The Crab Nebula is powered by the Crab Pulsar, which produces a relativistic pulsar wind of electrons and positrons that flow out and expand the nebula. Here, the x-ray emission from the pulsar (white) is superimposed on the visible Crab Nebula (red). (Pulsar image: NASA/CXC/SAO/F. D. Seward, W. H. Tucker & R. A. Fesen; Nebula image: Adam Block/Mount Lemmon SkyCenter/University of Arizona)
Almost a millennia ago, astronomers across Asia recorded the sudden but brief appearance of an extraordinarily bright star in the constellation Taurus. We now identify this event as the supernova that produced the Crab Nebula (Fig. 1). At the center of this nebula lies the remnant of the dead star responsible for the supernova—the Crab Pulsar. It is a rapidly spinning neutron star with a diameter of just 20 kilometers but is about 1.4 times more massive than our Sun.
The Crab Pulsar rotates 30 times a second, resulting in some exotic physical phenomena. These include a range of characteristic high-energy emissions similar to those generated by particle accelerators on Earth and an outflowing wind of particles traveling at close to the speed of light, which has produced much of the nebula we see today.
The wind is produced by the pulsar’s rotational energy being converted into kinetic energy, accelerating electrons and their antiparticles—positrons—to relativistic speeds. The pulsar wind suddenly ceases when it collides with the ‘termination shock’, a shock wave traveling in the opposite direction at about 0.3 light years from the pulsar. Since no radiation has yet been observed from the pulsar wind region, astrophysicists have had to rely heavily on theory to explain the physics involved.
By conducting numerical simulations, Yuto Teraki, Hirotaka Ito and Shigehiro Nagataki at the RIKEN Astrophysical Big Bang Laboratory have now shown that electrons and positrons can be accelerated to relativistic speeds in the pulsar wind without emitting radiation by resonant interaction with a peculiar type of electromagnetic wave, called superluminal strong waves, emitted by the spinning pulsar.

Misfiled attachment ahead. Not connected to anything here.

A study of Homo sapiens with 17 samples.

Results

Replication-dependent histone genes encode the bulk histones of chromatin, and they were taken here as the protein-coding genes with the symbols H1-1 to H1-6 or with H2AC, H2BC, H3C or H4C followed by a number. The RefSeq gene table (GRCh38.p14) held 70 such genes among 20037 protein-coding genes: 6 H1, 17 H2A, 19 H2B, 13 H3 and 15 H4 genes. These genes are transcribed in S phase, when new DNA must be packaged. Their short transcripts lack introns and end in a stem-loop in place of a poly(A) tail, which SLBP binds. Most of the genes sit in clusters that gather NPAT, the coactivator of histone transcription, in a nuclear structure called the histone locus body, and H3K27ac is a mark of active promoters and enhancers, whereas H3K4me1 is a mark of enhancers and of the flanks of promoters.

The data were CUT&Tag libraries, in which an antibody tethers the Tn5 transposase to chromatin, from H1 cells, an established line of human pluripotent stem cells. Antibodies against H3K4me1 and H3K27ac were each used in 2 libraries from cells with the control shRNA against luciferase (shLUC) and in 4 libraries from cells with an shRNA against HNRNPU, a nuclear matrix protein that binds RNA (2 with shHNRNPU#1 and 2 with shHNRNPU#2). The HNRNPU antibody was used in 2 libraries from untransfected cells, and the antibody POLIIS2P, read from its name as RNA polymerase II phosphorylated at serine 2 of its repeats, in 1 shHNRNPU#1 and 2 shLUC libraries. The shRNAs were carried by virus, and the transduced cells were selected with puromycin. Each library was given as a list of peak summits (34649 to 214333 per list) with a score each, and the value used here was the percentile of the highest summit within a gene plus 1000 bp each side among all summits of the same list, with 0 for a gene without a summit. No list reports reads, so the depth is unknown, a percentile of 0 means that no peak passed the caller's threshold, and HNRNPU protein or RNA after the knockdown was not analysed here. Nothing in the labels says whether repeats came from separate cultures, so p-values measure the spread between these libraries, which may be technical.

“Electrons and positrons are forced to resonate with the superluminal strong waves,” says Teraki. “For electrons traveling at highly relativistic speeds, the resonance condition is selective and depends on the angle between the particle and the wave vector. This is similar to cyclotron resonance, and results in the nearly linear acceleration of non-emitting, or non-thermal, particles, upstream of the termination shock.”
The selective acceleration of electrons and positrons by the pulsar wind may be a possible injection mechanism. “We did not know how many particles are accelerated at the termination shock of the Crab Nebula,” says Teraki. “The upstream superluminal strong waves acceleration is likely to be the mechanism that determines the injection rate.”